Presentation on theme: "The Atmosphere. Did you know we are on our 3 atmosphere on Earth? Earth’s original atmosphere was probably just hydrogen and helium, because these were."— Presentation transcript:
Did you know we are on our 3 atmosphere on Earth? Earth’s original atmosphere was probably just hydrogen and helium, because these were the main gases in the dusty, gassy disk around the Sun from which the planets formed.
And in second place we have… Earth’s “second atmosphere” came from Earth itself. There were lots of volcanoes, many more than today, because Earth’s crust was still forming.
Currently….. Current Earth: Plants and animals thrive in balance. Plants take in carbon dioxide (CO2) and give off oxygen (O2). Animals take in oxygen (O2) and give off CO2. Burning stuff also gives off CO2.
The atmosphere upon which life depends was created by life itself. Now we have Earth’s “third atmosphere,” the one we all know and love—an atmosphere containing enough oxygen for animals, including ourselves, to evolve. So plants and some bacteria use carbon dioxide and give off oxygen, and animals use oxygen and give off carbon-dioxide—how convenient!
The atmosphere has 4 layers: the troposphere that we live in near the surface of the earth; the stratosphere that houses the ozone layer; the mesosphere, a colder and lower density layer with about 0.1% of the atmosphere; and the thermosphere, the top layer, where the air is hot but very thin.
Why do I care? The structure of the atmosphere dictates the way the atmosphere behaves and controls how weather develops near the surface of the earth.
Temperature decreases with height in the troposphere. This is true for a couple different reasons. First, even though the sun's energy comes down from the sky, it is mostly absorbed by the ground. The ground is constantly releasing this energy, as heat in infrared light, so the troposphere is actually heated from the ground up, causing it to be warmer near the surface and cooler higher up.
Another reason is the decreasing air pressure with height. If the warm air at the surface gets blown upward into the cooler air above it, the surface air will continue to rise The constantly decreasing air pressure in conjunction with the ground-up heating keeps the temperature in the troposphere decreasing with height.
In the real atmosphere, the actual vertical temperature structure depends on air masses with specific properties of temperature and humidity being blown into the area as well as effects of daytime heating. If you have a layer of air with warm temperatures above the surface, we call that an "inversion". That layer can act as a cap which prevents clouds and sometimes severe weather from forming.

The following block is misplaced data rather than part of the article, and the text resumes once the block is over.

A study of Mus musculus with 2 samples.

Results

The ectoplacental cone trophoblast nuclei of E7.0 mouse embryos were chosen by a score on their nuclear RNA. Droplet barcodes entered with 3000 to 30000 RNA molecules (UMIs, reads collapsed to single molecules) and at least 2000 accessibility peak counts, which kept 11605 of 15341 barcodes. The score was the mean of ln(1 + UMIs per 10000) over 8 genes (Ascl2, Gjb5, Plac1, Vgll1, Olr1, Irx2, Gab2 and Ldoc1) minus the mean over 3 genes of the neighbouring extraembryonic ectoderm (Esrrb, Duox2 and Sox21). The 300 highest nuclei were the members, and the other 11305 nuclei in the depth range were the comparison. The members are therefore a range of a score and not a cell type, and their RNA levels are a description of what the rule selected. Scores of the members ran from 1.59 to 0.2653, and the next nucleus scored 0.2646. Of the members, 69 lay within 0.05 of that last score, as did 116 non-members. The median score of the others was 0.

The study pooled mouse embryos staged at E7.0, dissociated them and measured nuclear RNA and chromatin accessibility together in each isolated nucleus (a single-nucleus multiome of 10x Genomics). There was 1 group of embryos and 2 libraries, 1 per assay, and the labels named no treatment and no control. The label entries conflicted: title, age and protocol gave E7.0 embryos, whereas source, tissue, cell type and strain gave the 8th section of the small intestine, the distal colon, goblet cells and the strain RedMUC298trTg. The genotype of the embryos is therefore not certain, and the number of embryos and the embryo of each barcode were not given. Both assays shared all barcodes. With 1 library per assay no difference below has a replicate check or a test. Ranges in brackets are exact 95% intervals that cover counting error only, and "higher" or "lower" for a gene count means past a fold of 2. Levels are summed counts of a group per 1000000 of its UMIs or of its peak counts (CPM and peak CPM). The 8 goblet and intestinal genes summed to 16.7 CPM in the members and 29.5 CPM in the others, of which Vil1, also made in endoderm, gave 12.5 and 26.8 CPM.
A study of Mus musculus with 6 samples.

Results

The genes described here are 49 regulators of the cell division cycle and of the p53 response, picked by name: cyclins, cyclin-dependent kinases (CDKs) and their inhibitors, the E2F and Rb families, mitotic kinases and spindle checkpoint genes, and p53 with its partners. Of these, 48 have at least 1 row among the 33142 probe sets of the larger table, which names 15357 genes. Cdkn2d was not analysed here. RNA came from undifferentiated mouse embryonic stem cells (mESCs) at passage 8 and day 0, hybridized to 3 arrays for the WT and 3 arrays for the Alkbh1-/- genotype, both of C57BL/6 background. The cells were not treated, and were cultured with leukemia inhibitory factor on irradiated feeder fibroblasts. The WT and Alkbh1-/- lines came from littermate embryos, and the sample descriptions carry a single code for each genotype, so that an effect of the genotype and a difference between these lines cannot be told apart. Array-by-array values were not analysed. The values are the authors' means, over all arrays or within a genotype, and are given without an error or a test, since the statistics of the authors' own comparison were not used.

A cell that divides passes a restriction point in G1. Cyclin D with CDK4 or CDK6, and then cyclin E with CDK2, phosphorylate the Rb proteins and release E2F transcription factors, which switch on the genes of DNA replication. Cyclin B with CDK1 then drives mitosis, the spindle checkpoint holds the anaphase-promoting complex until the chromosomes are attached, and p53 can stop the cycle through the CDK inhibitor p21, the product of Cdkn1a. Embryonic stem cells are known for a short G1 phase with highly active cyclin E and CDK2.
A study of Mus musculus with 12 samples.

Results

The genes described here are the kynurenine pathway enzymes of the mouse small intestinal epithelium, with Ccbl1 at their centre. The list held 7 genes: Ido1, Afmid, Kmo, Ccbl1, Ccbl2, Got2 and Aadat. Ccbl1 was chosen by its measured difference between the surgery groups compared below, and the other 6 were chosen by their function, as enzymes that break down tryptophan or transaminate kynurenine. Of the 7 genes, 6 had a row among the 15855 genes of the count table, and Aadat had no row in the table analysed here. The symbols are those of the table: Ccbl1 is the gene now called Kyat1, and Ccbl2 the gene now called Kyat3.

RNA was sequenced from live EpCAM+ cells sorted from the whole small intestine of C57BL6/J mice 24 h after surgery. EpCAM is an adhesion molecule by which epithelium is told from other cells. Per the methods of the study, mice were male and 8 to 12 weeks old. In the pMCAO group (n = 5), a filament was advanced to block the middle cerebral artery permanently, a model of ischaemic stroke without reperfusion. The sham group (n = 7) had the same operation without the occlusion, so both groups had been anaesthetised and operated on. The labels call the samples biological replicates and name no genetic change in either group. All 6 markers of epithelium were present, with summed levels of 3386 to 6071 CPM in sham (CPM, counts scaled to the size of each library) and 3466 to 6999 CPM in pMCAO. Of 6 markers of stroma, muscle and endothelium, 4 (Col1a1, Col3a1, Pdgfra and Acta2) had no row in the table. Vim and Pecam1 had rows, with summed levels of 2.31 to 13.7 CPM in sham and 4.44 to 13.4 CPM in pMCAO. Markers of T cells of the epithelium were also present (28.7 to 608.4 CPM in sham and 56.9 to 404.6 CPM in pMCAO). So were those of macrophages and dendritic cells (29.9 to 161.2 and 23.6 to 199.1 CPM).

As the popular saying goes, "Climate is what you expect, and weather is what you get!". Weather is considered to be the atmospheric conditions that are happening now or within a few days. On the other hand, Climate represents the long term atmospheric patterns within which weather occurs.
Causes of Climate Change The climate of the earth fluctuates, and there are many things that affect it. Volcanoes, changes in the orbit and the sun, greenhouse gases and the properties of the earth itself have influence over the climate. Why do I care? The climate of the earth is constantly changing and one should understand all the reasons why and how these changes impact the surrounding environment.
The earth has only had its current atmosphere for about 400 million years. In that time, Earth has had climates ranging from being almost completely covered in ice to times when even the poles were subtropical
The current global average temperature is 59°F (15°C, 288K), but it is not staying constant. A few main factors and feedbacks are the driving forces for climate change. These include volcanoes, the Earth’s orbit around the sun, solar output, green house gas concentrations, and feedbacks
Why are there different climate regions? Because of the tilt of the Earth and it’s orbit, different regions have different climates. Therefore the number of hours of daylight and amount of solar radiation varies in differing locations on the planet.
How does temperature affect precipitation? What do you think the temperature will do to the type of precipitation that is present? If it is very cold, what are the possibilities? Temperature will determine if it will be rain, snow, sleet, fog, or hail
Some questions to think about Can you compare and contrast weather and climate? How many layers does the atmosphere have? How many atmospheres has the Earth had so far? What kind of climate do we live in? How did the Earth acquire it’s atmosphere? What are climate regions? Why do different regions have different climates?